My pitch for Pixar's next blockbuster: "Balloon Story"
Our adventure opens with a Randy Newman-scored montage of the preparations for a four year old's birthday party. A cloud of colourful party balloons is given pride of place in the living room, floating there bright, proud and splendid. Soon the children arrive in a bustle of excitement, and each is handed a balloon on a string to carry with them.
After presents have been opened and cake has been eaten, it's playtime. The children rowdily chase each other around the room with balloons in hand - the very picture of childish joy and innocent delight! But one child falls on their balloon, bursting it with a shocking bang. The children start to cry. The fun times have ended. The parents take the children to another room to console them. Left quietly alone, the secretly sentient balloons open their eyes and float over hesitantly to investigate the deflated corpse of their fallen comrade. Their first encounter... with mortality.
We cut to two days later. The balloons sit in the corner by the dusty, empty present boxes and loose scraps of wrapping. Long since abandoned by the fickle children, their buoyancy has already started to weaken. Bereft of purpose, the balloons begin to dwell on the nature of their existence. What is this air that surrounds them? Is it the same as the air within them? What god of wind blew life into their rubbery bodies?
Four days later, there is a fateful encounter with their arch nemesis, the family cat. The largest and proudest of the balloons was still fully inflated, a veteran of skirmishes with the beast. But for all his confidence he little realised his skin had grown so very fragile with time. A stray claw brings swift oblivion. In the aftermath the mourning balloons continue to ponder: is the essence of a balloon in the rubbery skin, or the air within? Upon bursting is there nothing left but a empty shell, or do they become one with the very atmosphere from whence they were inflated?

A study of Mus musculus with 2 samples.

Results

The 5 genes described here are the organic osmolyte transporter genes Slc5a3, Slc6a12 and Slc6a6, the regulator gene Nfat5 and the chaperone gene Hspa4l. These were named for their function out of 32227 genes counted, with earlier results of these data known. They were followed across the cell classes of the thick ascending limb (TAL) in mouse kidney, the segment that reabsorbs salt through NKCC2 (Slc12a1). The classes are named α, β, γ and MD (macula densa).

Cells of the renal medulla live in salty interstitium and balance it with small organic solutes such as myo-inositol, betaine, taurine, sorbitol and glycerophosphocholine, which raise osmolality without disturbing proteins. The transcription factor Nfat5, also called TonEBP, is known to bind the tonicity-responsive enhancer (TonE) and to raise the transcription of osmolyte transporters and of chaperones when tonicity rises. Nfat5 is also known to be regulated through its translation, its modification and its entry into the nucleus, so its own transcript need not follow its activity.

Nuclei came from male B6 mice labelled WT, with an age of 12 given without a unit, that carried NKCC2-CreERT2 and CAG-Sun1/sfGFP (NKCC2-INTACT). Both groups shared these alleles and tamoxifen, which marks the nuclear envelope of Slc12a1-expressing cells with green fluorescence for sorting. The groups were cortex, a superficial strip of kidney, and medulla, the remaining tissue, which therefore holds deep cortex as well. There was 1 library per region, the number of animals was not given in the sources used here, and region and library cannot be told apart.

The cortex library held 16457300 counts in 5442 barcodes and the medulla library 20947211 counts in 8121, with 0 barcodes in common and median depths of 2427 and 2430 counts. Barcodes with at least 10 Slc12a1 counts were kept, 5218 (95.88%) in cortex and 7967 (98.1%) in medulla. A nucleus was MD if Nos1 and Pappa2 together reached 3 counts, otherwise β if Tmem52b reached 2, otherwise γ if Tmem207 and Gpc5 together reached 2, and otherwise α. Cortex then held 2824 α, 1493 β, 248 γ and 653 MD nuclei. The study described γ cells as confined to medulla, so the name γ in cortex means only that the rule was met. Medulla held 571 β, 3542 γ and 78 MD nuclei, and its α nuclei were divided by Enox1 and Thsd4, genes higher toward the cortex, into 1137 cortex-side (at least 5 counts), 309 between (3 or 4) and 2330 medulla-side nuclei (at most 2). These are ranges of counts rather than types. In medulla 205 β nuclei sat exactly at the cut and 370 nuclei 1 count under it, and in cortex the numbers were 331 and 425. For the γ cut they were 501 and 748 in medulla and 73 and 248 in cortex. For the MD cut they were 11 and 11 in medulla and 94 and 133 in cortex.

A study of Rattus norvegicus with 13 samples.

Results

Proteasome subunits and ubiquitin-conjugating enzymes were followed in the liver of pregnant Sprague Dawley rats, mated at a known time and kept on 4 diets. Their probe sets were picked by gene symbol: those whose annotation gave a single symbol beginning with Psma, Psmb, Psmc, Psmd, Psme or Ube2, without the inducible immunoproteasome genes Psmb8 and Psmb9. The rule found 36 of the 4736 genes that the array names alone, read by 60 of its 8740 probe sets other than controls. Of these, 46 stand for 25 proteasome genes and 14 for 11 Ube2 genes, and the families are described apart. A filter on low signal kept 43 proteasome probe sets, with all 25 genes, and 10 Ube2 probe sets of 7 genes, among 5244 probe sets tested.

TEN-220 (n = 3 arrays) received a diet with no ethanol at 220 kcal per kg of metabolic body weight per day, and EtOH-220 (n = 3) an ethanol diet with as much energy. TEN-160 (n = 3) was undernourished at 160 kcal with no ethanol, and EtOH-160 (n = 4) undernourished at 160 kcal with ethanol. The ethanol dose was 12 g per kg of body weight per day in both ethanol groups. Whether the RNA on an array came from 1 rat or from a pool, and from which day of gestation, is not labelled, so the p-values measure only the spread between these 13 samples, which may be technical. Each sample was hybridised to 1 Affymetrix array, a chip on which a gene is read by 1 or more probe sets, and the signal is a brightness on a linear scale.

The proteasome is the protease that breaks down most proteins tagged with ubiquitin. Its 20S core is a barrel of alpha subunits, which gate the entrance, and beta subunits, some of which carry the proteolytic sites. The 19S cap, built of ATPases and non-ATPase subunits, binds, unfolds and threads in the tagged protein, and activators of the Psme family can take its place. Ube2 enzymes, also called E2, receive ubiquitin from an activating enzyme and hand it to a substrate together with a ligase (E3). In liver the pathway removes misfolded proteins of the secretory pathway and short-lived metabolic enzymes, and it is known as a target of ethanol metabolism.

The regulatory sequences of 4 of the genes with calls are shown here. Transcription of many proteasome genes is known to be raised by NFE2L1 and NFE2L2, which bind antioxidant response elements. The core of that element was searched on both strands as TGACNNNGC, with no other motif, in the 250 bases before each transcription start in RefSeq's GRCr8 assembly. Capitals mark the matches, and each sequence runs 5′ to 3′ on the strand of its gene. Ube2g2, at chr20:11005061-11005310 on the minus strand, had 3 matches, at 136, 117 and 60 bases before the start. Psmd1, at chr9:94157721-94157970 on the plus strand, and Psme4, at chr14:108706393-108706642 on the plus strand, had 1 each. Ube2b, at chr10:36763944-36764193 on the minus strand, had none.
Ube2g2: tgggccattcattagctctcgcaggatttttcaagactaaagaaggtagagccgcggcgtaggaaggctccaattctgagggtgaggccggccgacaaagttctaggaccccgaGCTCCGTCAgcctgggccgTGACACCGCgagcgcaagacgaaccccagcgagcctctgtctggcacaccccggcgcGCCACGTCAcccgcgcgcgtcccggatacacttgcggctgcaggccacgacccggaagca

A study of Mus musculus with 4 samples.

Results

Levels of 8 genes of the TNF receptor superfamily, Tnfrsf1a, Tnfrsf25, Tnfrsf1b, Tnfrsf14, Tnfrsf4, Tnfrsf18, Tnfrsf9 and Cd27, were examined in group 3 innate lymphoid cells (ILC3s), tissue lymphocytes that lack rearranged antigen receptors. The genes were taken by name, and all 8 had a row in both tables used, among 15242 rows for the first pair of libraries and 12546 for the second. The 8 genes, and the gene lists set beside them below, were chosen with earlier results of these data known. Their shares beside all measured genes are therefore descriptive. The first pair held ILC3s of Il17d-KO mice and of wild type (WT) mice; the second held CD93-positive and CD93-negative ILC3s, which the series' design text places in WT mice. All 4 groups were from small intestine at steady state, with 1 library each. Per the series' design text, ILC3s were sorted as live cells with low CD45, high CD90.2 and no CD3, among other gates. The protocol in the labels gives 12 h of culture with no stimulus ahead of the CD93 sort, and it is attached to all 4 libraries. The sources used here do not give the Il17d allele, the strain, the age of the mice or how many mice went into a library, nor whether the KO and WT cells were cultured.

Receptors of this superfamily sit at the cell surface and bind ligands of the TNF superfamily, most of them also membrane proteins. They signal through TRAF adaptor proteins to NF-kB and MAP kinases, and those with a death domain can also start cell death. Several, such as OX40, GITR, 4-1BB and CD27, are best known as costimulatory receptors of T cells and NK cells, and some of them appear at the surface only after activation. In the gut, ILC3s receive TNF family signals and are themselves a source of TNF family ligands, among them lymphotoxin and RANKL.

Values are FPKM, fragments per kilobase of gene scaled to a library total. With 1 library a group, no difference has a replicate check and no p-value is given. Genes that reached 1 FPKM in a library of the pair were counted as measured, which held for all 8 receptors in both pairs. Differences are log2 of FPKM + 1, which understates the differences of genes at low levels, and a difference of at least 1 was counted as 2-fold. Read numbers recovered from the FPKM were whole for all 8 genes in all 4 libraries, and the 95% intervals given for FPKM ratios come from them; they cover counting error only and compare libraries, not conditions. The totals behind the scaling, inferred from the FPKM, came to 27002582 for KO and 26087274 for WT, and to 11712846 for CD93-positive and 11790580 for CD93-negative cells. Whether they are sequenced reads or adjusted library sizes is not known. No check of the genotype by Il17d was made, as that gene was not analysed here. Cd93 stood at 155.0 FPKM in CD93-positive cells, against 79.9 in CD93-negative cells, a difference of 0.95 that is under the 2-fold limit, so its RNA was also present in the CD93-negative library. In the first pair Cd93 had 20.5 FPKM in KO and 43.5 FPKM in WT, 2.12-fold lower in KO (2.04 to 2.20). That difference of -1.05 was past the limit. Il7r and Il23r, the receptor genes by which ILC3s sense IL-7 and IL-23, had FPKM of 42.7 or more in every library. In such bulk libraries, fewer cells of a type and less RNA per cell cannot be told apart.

It is now a week later. The few remaining balloons are now small and withered. Their once-taut skin wrinkled, the air inside too thin even to lift them from the ground. The family has set a photo from the birthday party on the wall, children wielding the balloons in their glorious prime. To some of them this a heartening monument to a life well lived, to others only a cruel, mocking reminder of what was lost.
Every balloon deals with the inevitable in its own way. Spotting a discarded pin on the ground, one casts himself upon the spike in a bid to wrestle back some control over his final destiny. Others comfort themselves with the idea that upon finally exiting their earthly vessels, their souls will rejoin the mighty wind and live forever in paradise. Still others find peace through a philosophical acceptance of the nature of existence, and a bittersweet appreciation of the preciousness of each moment and the transitive nature of all things.
Some time later, the parents pick up the balloons and throw them in the bin with the rest of the junk. Radiohead's Exit Music For A Film plays us out as the end credits roll:
Written and directed by Michael Haneke.